Non-Linear Sorption Isotherm and Kinetic Studies of Pb2+ on Poly(1-phenylethene-1,2-diyl) Waste Adsorbent

C. W. Dikio1, C. Y. Abasi2*, O. Benson2*, D. Wankasi2, E. D. Dikio2
1Applied Chemistry and Nano-science Laboratory, Department of Chemistry, Vaal University of Technology, P. O. Box X021 Vanderbijlpark 1900, South Africa
2Department of Chemical Sciences, Niger Delta University, Wilberforce Island, P.M.B. 071, Yenagoa Bayelsa State, Nigeria
*Corresponding Author


Keywords: Sorption, non-linear, poly(1-phenylethene-1,2-dial), adsorbent, isotherm, polymer, physisorption.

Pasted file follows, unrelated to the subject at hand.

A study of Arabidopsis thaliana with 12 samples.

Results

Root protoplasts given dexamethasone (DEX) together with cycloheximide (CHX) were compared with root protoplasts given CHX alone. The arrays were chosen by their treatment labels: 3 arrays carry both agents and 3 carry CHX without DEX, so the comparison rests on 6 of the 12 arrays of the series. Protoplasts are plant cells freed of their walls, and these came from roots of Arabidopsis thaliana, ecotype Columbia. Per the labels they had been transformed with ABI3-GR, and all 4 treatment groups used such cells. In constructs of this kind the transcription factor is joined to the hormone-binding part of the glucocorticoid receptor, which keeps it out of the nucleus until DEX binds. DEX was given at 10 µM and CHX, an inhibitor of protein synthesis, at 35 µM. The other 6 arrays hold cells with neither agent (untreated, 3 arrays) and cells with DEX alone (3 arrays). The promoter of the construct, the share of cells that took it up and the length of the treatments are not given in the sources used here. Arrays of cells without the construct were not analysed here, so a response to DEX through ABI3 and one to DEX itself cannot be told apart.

The increasing diversification in industrialization and urbanisation has contributed to the existence of heavy metals such as lead (Pb) in the aqueous environment, with a noticeable threat to living organisms (animals, humans and plants) as a result of their bio-accumulating propensities and toxicity[1]. Some specific sources of Pb2+ in our environment include automobiles, batteries, paints, textile and petroleum industries, etc. [2],[3]. The elimination of these toxic heavy metals from urban and industrial wastes prior to their summary release into the environment has therefore, become essential.
Conventional heavy metal removal techniques such as reverse osmosis, filtration, precipitation, flocculation and ion exchange are very expensive. However, there have been cheaper and more renewable materials used to remove metal ions from wastes. These include biomasses like Seaweed [1], Medicago sativa [2], Manihot esculenta Crantz [3] and Nipa palm[4].